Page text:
Detroit – Introduction


Deep budget cuts have also taken a toll on the city’s forestry program, which is overseen by Detroit’s General Services Department. Associate Forester Todd Mistor says that during the city’s halcyon days in the 1960s and 70s, it employed about 400 individuals, but today, there are only 22. “Certainly our budget is constricted more and more every year,” he says. “Part of the result is that as people retire, we don’t fill those positions again.”

The lack of resources means the forestry team has to focus on “the worst of the worst,” he says. “We’re out looking for dead trees every day. We have thousands of standing dead ash and still a lot of dead elm.”

The ambitious efforts of nonprofit organizations, federal and state agencies and volunteers have helped fill the urban forestry gap created by Detroit’s thin municipal budgets. The recovery of Detroit’s urban forest, though, requires much more than just planting trees to replace those lost to disease and infestation. “Land cover, greenways, green infrastructure, stormwater management — all of that plays into the greening of Detroit,” says Kevin Sayers, urban and community forester for the Michigan Department of Natural Resources.

A 2005 Urban Ecosystem Analysis conducted by American Forests reported a canopy of 31 percent in Detroit, but by the time a 2008 survey was completed, that number had dropped to 22.5 percent. While some of this difference may be the result of the differing types of tools and analysis being used, it is a stark example of the toll emerald ash borer has taken. The 2008 study did contain good news, though: There is a lot of available space for trees, which means the canopy could be much greater. “We have a lot of vacant land in the city,” says Dean Hay, director of green infrastructure for the nonprofit The Greening of Detroit.

The U.S. Forest Service is funding the first-ever inventory of the city’s street trees, which is being conducted by Ohio-based Davey Research Group, (DRG) a division of The Davey Tree Expert Company, which specializes in green infrastructure assessments. DRG’s foresters have inventoried about three-quarters of the city so far, but additional funding will need to be secured to complete the project, says Sayers. Michigan Department of Natural Resources is overseeing the project.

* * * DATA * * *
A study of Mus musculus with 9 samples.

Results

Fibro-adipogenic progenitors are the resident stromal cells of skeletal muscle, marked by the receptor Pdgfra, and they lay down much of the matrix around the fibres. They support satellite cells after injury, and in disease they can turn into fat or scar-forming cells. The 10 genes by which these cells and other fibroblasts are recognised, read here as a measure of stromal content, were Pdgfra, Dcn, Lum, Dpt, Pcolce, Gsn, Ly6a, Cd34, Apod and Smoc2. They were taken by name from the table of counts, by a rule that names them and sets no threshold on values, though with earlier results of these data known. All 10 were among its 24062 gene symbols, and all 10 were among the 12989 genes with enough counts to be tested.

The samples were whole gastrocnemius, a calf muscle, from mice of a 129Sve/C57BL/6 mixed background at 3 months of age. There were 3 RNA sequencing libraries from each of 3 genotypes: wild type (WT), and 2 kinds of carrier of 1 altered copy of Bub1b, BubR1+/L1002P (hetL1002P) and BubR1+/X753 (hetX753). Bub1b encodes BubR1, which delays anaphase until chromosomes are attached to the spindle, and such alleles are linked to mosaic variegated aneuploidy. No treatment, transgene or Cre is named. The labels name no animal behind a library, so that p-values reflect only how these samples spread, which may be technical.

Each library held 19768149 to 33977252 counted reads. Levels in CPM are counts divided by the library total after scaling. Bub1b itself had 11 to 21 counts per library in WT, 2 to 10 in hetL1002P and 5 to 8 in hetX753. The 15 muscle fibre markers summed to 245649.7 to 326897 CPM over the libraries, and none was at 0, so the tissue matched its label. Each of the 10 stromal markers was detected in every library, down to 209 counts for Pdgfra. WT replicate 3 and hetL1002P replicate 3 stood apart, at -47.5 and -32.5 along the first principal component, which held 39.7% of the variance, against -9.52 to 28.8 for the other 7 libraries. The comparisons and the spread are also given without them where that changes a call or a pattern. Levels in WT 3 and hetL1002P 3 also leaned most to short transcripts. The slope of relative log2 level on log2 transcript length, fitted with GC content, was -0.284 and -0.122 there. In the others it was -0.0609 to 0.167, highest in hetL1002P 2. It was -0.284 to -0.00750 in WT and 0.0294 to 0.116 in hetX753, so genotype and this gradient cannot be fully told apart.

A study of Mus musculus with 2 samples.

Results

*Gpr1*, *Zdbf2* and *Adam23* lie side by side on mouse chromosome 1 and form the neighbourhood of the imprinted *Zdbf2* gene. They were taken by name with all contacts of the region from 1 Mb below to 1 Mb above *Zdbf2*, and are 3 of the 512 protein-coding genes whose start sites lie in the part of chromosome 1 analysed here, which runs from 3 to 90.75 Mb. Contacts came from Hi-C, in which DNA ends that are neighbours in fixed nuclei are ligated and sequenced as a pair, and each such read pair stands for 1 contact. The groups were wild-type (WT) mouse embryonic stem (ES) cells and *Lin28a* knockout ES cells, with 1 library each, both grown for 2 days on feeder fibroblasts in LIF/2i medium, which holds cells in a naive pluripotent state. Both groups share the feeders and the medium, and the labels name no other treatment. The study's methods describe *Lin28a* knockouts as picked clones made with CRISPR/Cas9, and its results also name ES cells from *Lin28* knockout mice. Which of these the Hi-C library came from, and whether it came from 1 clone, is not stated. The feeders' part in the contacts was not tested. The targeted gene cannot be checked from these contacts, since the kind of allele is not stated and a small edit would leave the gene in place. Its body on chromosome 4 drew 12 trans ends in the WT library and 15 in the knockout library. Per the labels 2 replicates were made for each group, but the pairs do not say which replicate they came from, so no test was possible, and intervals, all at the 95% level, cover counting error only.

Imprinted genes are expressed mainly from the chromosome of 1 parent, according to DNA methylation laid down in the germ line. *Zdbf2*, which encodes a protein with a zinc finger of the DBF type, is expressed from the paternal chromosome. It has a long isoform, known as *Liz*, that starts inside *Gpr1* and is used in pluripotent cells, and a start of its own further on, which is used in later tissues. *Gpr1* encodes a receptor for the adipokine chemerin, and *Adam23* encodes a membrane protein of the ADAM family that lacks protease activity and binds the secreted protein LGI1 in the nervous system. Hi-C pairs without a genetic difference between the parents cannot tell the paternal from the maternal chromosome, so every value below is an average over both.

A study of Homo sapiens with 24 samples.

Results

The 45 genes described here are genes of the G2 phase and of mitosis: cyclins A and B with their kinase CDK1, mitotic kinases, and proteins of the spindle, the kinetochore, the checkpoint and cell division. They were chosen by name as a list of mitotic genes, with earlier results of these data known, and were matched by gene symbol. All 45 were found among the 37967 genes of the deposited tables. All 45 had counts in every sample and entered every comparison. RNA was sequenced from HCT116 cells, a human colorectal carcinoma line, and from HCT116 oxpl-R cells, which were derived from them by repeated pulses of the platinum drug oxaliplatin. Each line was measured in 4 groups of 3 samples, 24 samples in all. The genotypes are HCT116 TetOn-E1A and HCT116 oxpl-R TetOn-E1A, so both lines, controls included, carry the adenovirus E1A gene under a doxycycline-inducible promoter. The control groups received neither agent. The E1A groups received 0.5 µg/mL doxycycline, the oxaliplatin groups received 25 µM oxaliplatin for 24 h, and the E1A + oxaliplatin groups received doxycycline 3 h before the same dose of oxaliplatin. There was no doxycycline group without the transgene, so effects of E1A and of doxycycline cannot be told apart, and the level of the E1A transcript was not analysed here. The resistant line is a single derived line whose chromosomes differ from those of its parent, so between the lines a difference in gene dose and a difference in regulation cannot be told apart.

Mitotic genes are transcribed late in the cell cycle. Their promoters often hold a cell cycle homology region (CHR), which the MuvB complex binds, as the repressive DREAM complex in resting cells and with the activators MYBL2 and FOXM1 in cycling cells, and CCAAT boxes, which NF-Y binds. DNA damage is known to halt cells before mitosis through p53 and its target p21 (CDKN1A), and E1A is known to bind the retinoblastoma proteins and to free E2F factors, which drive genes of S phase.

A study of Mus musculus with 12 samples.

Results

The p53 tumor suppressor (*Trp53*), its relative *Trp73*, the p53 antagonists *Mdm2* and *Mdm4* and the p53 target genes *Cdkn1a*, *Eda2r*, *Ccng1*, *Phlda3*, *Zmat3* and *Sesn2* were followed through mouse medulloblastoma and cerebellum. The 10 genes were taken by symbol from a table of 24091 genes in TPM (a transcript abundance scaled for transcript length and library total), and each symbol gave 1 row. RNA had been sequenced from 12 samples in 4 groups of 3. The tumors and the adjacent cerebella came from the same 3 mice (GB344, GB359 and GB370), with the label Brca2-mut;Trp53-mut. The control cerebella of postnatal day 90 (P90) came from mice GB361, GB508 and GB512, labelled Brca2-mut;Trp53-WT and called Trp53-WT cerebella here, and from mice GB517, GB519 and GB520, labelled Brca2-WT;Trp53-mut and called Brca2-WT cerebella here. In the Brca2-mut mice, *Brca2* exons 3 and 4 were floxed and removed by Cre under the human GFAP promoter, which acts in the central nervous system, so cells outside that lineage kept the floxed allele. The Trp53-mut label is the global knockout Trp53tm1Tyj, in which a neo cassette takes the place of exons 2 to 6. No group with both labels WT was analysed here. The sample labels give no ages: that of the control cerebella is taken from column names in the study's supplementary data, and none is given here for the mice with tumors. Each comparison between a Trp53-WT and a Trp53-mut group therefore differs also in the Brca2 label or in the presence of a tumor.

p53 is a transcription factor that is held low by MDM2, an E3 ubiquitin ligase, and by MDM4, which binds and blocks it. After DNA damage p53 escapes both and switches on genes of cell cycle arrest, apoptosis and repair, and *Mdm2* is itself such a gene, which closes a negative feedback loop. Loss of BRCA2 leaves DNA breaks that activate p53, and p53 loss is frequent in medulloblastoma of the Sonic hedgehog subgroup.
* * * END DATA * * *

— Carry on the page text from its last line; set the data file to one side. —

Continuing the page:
Detroit's New Center. Credit: Dig Downtown Detroit

Detroit’s New Center. Credit: Dig Downtown Detroit

The Forest Service, Michigan Department of Natural Resources, Southeast Michigan Council of Governments (SEMCOG), the city of Detroit and The Greening of Detroit plan to use the data to prioritize tree planting efforts, maximize the use of vegetation to absorb stormwater runoff and track disease and pest outbreaks. Finding a problem early could save many trees and a lot of money, Sayers notes.

The inventory has also had the added benefit of fostering cooperation among many of the different entities, both public and private, working on urban forest-related issues, Sayers adds. “It has helped in strengthening the partnerships between The Greening of Detroit, SEMCOG, Davey Trees and the city,” he says.


[2] The Greening of Detroit. Who We Are. (accessed Sept. 2, 2012).